Waterford born Dr. Suzanne Norris, one of the country’s leading authorities on Haemochromatosis, has accepted an invitation to deliver a talk on the subject in the main classroom at Waterford Regional Hospital on Friday, October 19th. at 7.30pm.. Dr. Norris is Consultant Gastroenterologist/Hepatologist at St. James’ Hospital, Dublin. Prior to returning to her native country, she worked as a Consultant at Kings College Hospital, London.Haemochromatosis is an iron-overload disorder that can be fatal. Sufferers absorb an excessive amount of iron from their diet that is then deposited in various organs and joints. This can seriously damage the pancreas and heart but the liver is the principal organ affected as that is where iron is stored for the purpose of providing new, red blood cells. One of the problems with the condition is that some people do not exhibit clinical symptoms or, sometimes, only mild symptoms.
The Irish Haemochromatosis Association is endeavouring to raise the awareness of the condition and is actively encouraging GPs to consider the condition as a possible diagnosis as its symptoms can often be similar to other illnesses. The condition is quite insidious and damage from iron overload can build up in the body over a number of years. Men usually show symptoms earlier than women. However, when diagnosed before serious damage is caused, treatment of the condition is straightforward and sufferers can expect a normal life expectancy.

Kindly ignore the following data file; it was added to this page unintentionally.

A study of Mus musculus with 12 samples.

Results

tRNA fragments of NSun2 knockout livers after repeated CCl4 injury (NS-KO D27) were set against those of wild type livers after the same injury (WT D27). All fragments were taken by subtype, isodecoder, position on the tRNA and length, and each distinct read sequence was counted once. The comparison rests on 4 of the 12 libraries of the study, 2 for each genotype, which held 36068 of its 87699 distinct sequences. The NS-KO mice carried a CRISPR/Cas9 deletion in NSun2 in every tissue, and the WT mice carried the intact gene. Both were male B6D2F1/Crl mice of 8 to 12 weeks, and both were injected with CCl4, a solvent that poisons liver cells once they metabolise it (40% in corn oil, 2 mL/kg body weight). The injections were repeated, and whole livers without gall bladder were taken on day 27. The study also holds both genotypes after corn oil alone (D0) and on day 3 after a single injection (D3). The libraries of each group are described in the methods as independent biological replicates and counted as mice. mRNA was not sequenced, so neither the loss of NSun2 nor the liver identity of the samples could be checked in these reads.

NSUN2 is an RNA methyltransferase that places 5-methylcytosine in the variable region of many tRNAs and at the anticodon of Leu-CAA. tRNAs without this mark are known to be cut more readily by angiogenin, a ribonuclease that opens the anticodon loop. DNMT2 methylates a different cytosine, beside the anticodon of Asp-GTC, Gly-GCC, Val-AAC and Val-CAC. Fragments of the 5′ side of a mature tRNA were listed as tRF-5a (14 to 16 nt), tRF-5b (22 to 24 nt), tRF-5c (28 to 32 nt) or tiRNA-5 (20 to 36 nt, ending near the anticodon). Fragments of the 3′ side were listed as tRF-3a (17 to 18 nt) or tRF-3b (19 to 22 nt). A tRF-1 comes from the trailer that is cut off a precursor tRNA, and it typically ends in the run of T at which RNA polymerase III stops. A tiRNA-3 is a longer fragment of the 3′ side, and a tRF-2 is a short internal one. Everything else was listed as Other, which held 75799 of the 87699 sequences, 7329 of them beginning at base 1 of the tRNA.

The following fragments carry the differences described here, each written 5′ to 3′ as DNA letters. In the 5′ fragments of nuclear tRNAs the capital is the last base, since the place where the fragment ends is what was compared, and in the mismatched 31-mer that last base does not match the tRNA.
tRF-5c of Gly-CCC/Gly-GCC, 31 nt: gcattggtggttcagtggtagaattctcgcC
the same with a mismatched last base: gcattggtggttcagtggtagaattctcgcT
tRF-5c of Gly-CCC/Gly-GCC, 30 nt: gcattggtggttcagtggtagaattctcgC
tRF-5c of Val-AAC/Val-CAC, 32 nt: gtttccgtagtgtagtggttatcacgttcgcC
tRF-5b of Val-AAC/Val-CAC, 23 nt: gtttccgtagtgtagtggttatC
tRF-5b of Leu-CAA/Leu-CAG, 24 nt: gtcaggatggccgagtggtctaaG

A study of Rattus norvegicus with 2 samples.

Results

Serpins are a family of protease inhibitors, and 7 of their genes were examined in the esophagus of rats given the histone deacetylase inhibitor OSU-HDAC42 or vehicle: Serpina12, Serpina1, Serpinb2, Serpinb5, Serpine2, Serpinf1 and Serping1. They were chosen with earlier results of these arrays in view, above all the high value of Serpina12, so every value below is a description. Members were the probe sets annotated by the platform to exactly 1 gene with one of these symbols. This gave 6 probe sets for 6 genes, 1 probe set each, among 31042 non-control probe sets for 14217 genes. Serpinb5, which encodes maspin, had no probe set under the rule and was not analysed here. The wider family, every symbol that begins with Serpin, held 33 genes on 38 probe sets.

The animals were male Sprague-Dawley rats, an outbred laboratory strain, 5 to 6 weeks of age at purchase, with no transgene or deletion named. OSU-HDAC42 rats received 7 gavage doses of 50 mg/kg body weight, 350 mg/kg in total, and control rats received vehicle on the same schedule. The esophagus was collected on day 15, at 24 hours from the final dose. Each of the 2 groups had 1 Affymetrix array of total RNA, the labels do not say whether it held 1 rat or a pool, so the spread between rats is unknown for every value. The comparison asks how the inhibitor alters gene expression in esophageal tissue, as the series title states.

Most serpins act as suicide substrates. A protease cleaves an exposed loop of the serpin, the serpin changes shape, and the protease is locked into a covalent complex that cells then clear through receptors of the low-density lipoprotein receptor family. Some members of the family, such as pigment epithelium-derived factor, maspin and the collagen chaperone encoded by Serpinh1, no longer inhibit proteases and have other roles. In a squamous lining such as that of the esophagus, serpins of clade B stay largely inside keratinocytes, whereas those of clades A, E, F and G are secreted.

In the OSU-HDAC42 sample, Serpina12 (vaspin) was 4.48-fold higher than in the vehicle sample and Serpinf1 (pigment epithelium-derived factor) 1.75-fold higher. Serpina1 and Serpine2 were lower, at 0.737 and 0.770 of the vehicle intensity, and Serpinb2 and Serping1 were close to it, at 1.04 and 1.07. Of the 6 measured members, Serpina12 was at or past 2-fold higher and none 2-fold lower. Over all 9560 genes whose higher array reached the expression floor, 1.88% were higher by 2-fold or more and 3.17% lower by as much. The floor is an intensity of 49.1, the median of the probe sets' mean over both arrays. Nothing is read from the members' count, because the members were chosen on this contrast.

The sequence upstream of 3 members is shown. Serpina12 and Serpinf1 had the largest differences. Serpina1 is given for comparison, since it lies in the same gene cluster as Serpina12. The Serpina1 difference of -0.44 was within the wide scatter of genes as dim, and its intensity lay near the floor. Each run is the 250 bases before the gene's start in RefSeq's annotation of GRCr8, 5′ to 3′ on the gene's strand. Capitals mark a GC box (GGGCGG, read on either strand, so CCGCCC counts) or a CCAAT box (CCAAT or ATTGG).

A spokesperson for the Haemochromatosis Association told The Munster Express the lack of awareness of the condition was staggering especially when one considered that the proportion of Irish people with a susceptibility to iron overload was the highest in the world, estimated to be one in every 83 people. Describing Dr. Norris as a ‘leading expert in the field’, the spokesperson said the Association was delighted that she was coming to her native city to speak on such an important matter for so many families.
Dr. Norris is daughter of Noel (Blondie) and Angela Norris, Butlerstown, Waterford. She received her primary and secondary education at The Mercy Convent before going on to UCD. She worked in St. Vincent’s Hospital in Dublin and Kings College in London before accepting a post in St. James’ Hospital, Dublin.